February 7, 2018 at 4:50 pm #22377
Does this guy stick with anything? [LINK]
Apple hasn’t yet launched a scripted series but it has parted ways with its first showrunner.
Bryan Fuller, who was poised to helm Apple’s Amazing Stories anthology, has exited the project citing creative differences. The split is said to be amicable. Fuller, who originally developed Amazing Stories for NBC before it moved to Apple with a series pickup, is said to have wanted to do a Black Mirror-type show, which sources say was not something the iPhone maker had in mind.
Fuller was first attached to Amazing Stories in October 2015, when the individual episodic anthology was set up at NBC. (The series originally ran for two seasons in the ’80s on the broadcast network when it explored strange, fantastic and supernatural stories.)
The news of the showrunner’s Amazing Stories departure comes after Fuller and Michael Green were fired from Starz drama American Gods following a budget dispute with producers Fremantle, who wanted to produce the high-concept series on a reduced per-episode fee. Jesse Alexander, who worked with Fuller on Star Trek: Discovery and Hannibal, will take over as showrunner and will work alongside Neil Gaiman on season two of American Gods.
Fuller’s dismissal from American Gods came after he was asked in October 2016 to step down from CBS All Access’ Star Trek: Discovery after what he said were issues with producers CBS Television Studios over the show’s budget, casting and more.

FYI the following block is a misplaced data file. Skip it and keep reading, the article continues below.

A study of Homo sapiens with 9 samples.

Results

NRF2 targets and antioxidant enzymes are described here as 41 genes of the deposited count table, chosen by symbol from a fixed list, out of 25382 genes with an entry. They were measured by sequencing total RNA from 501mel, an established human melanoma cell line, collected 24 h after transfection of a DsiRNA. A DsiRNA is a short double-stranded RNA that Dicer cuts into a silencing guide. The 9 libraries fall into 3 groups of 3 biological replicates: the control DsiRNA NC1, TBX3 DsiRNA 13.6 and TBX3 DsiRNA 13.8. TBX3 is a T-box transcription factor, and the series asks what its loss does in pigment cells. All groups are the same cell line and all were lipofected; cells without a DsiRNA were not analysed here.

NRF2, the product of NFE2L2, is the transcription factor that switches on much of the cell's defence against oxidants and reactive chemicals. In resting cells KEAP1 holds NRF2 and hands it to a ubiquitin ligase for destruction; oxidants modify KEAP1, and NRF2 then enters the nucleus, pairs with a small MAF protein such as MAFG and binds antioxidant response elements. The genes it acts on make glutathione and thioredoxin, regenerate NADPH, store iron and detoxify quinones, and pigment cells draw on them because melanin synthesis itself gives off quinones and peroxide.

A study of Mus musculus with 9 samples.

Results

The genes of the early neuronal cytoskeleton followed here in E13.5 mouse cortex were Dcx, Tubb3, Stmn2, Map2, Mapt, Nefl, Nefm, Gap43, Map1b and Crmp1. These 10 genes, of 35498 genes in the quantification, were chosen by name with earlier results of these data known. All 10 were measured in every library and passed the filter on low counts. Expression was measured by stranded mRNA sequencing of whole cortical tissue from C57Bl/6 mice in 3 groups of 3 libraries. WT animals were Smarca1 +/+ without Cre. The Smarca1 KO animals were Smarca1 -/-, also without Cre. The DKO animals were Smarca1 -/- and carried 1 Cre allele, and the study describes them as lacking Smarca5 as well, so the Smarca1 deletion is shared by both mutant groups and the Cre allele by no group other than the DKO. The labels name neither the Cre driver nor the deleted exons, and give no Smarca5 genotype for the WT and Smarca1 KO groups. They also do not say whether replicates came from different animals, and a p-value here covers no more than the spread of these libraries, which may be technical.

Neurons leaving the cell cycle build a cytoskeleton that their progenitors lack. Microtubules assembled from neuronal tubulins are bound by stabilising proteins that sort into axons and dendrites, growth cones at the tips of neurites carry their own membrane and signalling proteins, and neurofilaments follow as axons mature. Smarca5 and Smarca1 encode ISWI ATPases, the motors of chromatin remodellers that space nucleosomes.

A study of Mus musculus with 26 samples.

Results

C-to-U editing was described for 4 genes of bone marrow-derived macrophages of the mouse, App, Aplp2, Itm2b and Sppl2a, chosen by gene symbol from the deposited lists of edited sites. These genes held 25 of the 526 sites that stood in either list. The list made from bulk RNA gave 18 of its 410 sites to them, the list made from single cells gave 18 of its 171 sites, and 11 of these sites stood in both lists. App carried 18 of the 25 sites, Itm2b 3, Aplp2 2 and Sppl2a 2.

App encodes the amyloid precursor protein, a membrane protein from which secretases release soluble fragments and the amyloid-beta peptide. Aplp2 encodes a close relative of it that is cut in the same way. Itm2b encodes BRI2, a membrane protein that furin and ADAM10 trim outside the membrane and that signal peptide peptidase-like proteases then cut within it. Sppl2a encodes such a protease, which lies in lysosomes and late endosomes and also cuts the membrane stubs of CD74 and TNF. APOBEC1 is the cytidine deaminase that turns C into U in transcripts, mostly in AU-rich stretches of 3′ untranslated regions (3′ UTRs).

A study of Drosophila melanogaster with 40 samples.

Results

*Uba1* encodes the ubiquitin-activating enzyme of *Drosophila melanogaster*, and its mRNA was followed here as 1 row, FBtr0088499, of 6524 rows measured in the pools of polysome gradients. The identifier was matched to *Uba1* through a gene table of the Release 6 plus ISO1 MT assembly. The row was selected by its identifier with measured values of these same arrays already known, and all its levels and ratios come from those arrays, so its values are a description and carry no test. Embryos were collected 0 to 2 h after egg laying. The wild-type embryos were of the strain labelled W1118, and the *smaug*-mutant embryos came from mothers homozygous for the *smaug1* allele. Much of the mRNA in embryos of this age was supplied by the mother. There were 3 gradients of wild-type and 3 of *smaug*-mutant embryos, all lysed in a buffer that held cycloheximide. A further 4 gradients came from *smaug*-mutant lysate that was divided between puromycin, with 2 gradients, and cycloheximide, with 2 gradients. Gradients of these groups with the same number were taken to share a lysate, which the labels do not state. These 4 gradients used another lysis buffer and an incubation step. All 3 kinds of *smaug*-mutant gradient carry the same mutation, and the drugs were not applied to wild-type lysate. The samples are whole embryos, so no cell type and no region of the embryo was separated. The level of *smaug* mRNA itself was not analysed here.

Twitter is crawling with rumors that he’s going to be showrunner of a yet-to-be-announced live-action Star Wars TV series, but if I were Disney or Lucasfilm, I’d be wondering what’s up with his habit of bailing on everything.February 8, 2018 at 4:04 am #22379
It would be nice if these guys weren’t all crushed under the weight of all the non-disclosure agreements they have to sign. I know that companies that hire these guys don’t want to let the world know they’re all a bunch of incompetent idiots, but seriously, let the people explain themselves when situations like this keep happening. I’m guessing that the multiple layers of management need to get overpaid for their non-participation and therefore every episode’s budget needs to be slashed in half. Then the production staff struggle to get anything made with no money and management that constantly alter everything mid-production, based on focus groups and chasing trends and all-around bad decision making. It’d be great if Fuller could let the world know that it’s crappy management in these projects and not him, if that is the situation here.